At times, the sheer number of artistic geniuses working within striking distance of each other, physically if not temporally, is stunning and you’d be hard pressed to find a place in the Western world where that is more true than in Rome. There were, of course, scores of artists and artisans practicing in Rome at any given time, but a few of them were so profoundly impactful than even those with only the barest interest in art history know their names. Such is Michelangelo. Less familiar to the layperson but still a pillar of Roman art is Sebastiano del Piombo who, arriving in Rome in the early 16th century, was strongly influenced by Michelangelo’s recently completed Sistine Chapel.The two artists would become friends and work together in a highly collaborative manner, exchanging ideas and influences, as well as engaging more directly in each other’s work through drawings provided by Michelangelo that were executed in paint by Sebastiano. Over the course of twenty-five years, the artists were involved in each other’s works until a falling out over the preferred medium in which to execute the Last Judgment in the Sistine chapel, with Sebastiano favoring oils and Michelangelo fresco, ending with Michelangelo declaring that painting in oils is “an art for women and for leisurely and idle people like Fra Sebastiano.”
In an ongoing exhibit at The National Gallery, Michelangelo’s work, as undertaken in conjunction with his contemporary Sebastiano prior to the end of their friendship, is taking a decidedly modern turn in the form of a 3D printed recreation of the Roman church Bramante’s San Pietro in Montorio’s Borgherini Chapel. The chapel is one of the finest examples of the collaboration between the two artists and its recreation is on display along with the drawings that Michelangelo prepared for Sebastiano. The relationship that formed the basis of this exhibit was described by The National Gallery:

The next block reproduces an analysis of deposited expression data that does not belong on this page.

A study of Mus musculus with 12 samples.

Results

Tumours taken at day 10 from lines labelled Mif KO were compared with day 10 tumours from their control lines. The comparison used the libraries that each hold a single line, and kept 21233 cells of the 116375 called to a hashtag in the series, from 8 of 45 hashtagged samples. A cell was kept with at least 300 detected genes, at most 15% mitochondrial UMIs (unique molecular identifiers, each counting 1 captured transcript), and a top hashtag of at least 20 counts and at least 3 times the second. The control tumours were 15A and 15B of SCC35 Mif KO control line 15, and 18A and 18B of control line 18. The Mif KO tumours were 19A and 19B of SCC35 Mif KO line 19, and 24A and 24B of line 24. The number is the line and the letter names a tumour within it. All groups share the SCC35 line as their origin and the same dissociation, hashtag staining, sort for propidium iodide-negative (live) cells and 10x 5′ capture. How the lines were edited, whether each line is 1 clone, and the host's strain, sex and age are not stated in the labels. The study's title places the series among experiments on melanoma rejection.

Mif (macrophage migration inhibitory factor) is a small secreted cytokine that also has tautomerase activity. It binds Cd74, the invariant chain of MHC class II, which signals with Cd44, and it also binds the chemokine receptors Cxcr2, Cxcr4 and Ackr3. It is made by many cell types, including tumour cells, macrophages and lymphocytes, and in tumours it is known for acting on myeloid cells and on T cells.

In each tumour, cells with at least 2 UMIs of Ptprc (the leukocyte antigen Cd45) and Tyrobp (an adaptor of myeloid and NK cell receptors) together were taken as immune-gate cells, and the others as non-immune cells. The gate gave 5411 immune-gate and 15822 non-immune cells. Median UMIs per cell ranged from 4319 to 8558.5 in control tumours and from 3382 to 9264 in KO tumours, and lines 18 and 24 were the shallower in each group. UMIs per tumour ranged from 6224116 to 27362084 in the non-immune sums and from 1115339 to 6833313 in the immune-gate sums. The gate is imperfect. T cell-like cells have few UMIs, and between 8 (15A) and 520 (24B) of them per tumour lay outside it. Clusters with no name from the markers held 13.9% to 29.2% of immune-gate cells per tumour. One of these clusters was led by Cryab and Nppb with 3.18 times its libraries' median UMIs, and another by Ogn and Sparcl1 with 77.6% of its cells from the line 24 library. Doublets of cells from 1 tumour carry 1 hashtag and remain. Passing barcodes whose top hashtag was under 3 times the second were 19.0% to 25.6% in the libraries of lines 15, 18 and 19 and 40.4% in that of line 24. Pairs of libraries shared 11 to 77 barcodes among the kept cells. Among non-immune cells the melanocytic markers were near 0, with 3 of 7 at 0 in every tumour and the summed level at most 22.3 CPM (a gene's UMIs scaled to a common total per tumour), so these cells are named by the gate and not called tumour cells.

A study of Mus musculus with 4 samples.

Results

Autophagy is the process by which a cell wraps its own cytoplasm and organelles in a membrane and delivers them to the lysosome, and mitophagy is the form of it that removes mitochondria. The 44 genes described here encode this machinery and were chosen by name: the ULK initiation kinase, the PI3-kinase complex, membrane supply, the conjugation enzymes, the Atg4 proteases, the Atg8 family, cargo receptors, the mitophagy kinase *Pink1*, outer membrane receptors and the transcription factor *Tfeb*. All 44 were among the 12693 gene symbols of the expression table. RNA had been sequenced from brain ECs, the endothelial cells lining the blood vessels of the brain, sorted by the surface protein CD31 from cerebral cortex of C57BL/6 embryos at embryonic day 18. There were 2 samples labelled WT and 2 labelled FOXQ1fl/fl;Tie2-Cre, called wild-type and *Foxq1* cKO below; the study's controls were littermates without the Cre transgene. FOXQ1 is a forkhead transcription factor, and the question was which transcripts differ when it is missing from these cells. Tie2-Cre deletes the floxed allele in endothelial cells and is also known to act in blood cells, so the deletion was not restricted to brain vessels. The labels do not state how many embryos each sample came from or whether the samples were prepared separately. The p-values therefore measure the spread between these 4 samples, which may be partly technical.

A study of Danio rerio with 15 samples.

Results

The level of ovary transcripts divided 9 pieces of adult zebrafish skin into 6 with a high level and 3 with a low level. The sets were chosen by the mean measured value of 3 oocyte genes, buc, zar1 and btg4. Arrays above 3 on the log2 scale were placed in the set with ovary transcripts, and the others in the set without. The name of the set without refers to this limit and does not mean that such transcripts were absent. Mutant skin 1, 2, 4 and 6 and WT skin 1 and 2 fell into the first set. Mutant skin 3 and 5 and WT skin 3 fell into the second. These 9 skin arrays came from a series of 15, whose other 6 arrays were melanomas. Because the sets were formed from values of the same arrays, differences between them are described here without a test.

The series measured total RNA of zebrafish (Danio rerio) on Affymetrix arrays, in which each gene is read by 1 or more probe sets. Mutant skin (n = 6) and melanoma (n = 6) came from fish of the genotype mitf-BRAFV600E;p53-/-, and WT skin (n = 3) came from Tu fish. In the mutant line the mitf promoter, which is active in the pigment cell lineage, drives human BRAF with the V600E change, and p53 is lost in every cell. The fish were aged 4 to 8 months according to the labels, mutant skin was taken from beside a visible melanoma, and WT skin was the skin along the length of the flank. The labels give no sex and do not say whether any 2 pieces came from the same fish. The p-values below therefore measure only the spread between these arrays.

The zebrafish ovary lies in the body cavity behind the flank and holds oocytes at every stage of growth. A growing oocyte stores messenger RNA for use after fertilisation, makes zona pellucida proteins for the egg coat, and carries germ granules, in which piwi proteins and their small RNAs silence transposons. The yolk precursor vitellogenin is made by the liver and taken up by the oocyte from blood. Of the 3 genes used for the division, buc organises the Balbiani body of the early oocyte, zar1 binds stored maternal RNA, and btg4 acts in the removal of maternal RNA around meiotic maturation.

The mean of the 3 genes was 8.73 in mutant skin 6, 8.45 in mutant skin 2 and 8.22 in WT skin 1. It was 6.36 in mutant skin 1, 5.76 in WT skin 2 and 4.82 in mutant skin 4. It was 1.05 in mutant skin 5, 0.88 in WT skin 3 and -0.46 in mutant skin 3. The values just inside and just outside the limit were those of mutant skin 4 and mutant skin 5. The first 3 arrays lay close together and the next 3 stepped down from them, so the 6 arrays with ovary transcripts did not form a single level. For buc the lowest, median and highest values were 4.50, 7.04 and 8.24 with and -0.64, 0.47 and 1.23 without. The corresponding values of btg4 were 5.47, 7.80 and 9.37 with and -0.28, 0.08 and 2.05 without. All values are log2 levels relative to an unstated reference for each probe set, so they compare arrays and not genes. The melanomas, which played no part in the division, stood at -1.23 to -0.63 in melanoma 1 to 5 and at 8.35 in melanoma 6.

The physical re-enactment of the chapel itself was undertaken by Factum Arte, a team of artists, technicians and conservators based in Madrid, London, and Milan who specialize both in the production and reproduction of works of art. In order to carry out this particular project, they started by shooting nearly 2,500 high-resolution photographs of the surface of the chapel. The articulation of the surface is an especially important part of representing an interior that has often been said to be more sculptural than architectural, and even more so given that the dome itself is not perfectly spherical. The models created from the data were 3D printed using a flexible material and then affixed to the skeletal support structure of steel, plywood, and aluminum. The recreation, which due to space constraints had to be reduced by ten percent from its original size, is itself a masterpiece of craftsmanship. The recreation of the chapel raises the same questions that have always been associated with recreation and that are now more pressing than ever with the possibilities created by digital capture and reproduction. Factum Arte decided to address these questions head on and not leave others to imagine that the chapel’s reproduction is nothing more than a demonstration of sheer technical prowess. Instead of viewing 3D printing as something that can supplant traditional craftsmanship, the recreating is seen as an homage. Not only does it preserve a work of art in a particular state but it also brings those works to an audience that otherwise might never have had the opportunity to appreciate the brilliance of its artists.
“Their [Michelangelo and Sebastiano] meeting sparked a remarkable 25-year friendship and partnership; yielding outstanding works of art that neither could have created without the other – against a backdrop of war and religious conflict, but also of great intellectual energy and artistic innovation…Comprising paintings, drawings, sculpture, and letters documenting correspondence between the artists, this groundbreaking exhibition presents works of striking force and originality.”
It is important to recognize that there is a magic to original works of art that cannot be simply reproduced. It lies not in their physical contours or in the images portrayed, but in the weight of the context in which they were created and the very nature of their unique place in the story of humankind. Rather than being viewed as somehow striving to replace an original with the production capacity made possible by new technologies, these artistic reenactments are both works in their own right and somewhat akin to a Beatles cover band: fun for those who never got the chance to see them perform live and a great mechanism for keeping their memory alive, but unquestionably not their replacement. Discuss in the Borgherini Chapel forum at 3DPB.com.